NEW ORLEANS- The nights bothered Toni Blanco the most, though they also offered a bit of escape. In a police car, she and fellow detective Alecia Wright could shed their police reserve and share a good cry.
"Many times we laid in the car and tears just rolled," Blanco said. "We talked about how this ever came to be and what would become of everyone."
They had lived for days in the Superdome amid the same stench and misery shared by 25,000 others who sought refuge from Hurricane Katrina's battering winds and ensuing flooding. The only difference was they had a badge, some guns, and supposedly some authority.
Being a cop, though, didn't matter much in the arena. They couldn't arrest anyone because there was no place to put them. The few revolvers they had wouldn't be nearly enough to control the crowd if things got really out of hand.
A few days after getting out of the now-empty Superdome, they went back Tuesday to take a second look.
Little had changed since the Superdome was emptied Saturday of the last of its temporary occupants. Personal effects were scattered everywhere and the relatively new field that normally is home to the New Orleans Saints was littered with debris. The place still reeked of human waste.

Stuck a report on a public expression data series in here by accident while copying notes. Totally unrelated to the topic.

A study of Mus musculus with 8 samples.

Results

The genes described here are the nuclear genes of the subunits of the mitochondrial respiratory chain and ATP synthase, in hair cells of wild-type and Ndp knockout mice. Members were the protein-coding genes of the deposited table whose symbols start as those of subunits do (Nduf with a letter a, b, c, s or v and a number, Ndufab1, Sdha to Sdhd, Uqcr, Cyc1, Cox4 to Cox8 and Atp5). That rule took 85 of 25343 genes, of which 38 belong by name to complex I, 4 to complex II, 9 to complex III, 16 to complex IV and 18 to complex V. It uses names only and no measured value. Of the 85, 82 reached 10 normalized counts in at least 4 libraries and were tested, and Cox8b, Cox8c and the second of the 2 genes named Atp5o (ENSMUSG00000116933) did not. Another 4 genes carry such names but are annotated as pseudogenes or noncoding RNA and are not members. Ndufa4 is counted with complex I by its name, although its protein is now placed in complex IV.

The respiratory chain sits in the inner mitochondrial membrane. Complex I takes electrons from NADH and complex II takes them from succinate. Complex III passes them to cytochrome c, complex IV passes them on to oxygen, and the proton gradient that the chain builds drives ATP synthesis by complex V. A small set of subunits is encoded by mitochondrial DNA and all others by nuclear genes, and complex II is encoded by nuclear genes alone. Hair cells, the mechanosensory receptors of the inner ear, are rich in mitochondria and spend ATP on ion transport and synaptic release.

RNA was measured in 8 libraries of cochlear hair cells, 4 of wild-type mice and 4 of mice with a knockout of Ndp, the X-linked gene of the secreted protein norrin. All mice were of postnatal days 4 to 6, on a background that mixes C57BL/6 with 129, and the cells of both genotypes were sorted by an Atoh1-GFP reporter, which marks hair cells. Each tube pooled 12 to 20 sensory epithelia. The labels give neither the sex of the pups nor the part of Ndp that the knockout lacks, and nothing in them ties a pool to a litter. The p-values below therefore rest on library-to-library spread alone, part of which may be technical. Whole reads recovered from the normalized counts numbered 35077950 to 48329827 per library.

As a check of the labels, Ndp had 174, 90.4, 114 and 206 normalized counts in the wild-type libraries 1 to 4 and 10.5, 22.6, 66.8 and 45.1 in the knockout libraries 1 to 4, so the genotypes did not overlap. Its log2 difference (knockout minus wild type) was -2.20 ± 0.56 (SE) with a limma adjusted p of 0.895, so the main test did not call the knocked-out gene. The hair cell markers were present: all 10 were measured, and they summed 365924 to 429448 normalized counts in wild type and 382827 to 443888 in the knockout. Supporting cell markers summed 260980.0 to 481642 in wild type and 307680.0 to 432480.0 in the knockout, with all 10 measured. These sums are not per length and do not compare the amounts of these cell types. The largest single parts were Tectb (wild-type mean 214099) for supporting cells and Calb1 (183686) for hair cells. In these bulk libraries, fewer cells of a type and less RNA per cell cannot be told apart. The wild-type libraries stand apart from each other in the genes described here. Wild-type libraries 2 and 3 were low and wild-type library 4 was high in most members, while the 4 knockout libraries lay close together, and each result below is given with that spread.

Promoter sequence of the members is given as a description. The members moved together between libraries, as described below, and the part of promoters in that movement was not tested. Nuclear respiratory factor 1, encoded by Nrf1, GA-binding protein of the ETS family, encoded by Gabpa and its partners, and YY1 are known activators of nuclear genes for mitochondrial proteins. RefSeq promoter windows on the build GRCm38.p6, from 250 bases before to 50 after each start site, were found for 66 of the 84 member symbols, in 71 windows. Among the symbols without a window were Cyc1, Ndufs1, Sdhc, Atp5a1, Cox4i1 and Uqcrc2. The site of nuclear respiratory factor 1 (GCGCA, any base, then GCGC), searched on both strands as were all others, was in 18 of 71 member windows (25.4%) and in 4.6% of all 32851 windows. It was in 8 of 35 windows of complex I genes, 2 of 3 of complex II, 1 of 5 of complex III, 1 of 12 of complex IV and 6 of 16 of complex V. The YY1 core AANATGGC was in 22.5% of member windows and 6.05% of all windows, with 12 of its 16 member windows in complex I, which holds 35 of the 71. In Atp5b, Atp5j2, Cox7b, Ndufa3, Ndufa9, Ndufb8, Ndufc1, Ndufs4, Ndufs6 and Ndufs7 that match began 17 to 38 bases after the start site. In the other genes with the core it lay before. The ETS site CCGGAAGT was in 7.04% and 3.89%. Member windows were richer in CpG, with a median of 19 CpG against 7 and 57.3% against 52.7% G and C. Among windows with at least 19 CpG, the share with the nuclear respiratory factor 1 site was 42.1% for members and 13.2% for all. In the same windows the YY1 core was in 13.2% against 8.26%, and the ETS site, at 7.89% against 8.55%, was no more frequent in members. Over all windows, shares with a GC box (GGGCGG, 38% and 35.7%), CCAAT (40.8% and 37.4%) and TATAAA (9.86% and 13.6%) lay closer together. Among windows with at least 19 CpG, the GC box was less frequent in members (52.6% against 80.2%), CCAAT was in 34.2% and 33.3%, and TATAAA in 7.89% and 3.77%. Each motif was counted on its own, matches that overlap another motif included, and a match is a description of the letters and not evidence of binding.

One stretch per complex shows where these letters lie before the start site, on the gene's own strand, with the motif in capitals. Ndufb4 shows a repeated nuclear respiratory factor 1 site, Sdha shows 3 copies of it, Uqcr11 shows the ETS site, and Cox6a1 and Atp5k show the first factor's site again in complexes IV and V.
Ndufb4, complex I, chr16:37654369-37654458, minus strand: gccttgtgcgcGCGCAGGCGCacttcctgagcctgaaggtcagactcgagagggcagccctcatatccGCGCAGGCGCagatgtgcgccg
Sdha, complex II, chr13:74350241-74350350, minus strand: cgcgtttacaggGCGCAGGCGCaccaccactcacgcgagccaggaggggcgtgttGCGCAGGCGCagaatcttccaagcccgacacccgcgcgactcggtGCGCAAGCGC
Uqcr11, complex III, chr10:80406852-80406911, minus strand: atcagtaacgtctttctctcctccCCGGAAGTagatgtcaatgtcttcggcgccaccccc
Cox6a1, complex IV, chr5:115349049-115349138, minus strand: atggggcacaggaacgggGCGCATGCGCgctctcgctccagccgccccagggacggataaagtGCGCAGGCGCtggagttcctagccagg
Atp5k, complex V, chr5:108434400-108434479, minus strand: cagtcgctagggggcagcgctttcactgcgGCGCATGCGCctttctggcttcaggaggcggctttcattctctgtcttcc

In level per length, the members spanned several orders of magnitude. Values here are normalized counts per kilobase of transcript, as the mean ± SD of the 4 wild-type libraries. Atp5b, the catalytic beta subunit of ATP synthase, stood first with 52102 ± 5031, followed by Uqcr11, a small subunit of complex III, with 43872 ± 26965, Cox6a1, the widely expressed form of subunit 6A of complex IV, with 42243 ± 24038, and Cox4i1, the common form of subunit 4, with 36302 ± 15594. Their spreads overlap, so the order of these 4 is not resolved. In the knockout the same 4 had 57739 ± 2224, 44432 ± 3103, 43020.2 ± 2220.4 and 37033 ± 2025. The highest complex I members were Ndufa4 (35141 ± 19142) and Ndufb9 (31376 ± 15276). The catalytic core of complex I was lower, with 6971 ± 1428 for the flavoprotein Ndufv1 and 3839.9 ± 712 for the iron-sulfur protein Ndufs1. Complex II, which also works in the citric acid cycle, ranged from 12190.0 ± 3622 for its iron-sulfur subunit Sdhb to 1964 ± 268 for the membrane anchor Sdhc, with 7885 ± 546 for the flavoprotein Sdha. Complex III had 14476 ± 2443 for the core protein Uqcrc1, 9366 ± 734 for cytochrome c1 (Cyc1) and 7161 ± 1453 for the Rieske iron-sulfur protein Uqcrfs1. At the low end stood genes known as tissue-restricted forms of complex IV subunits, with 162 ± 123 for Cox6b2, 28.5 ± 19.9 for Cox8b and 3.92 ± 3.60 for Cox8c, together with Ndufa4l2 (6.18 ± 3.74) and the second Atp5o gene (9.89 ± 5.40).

"The pictures or the television can't show the stench, the smell of urine and water mixed on the floors, the feces," Blanco said. "It was unimaginably horrible."
Blanco, who has been on the force for 24 years, is deputy commander of the New Orleans Police Department's sexual crimes unit. Wright is one of the unit's detectives.
Together they dealt almost daily with the kind of crimes that are difficult to stomach, and comforted victims who had been violated in the most personal of ways.
Nothing, though, prepared them for five days in the dome when they and about four dozen other officers were supposed to keep order amid chaos. On the first night, a man threw himself to his death from the plaza level. There were rumors of sexual assaults, but the police could hardly investigate under such conditions.
It was too wrenching for some officers. They fled through the floodwaters, leaving those remaining stretched even thinner.
"You felt helpless in the sense there was absolutely nothing we could do for the city," Blanco said. "I'd just tell people that we just have to have hope in the Lord."
On Tuesday, a Superdome official insisted there were no plans to tear down the building, saying it would take up to two months to assess the damage. But after their tour, the detectives were in no hurry to return. It was time to put it away once again.
"We say it jokingly now, but I think we're eventually going to need some counseling after this," Blanco said.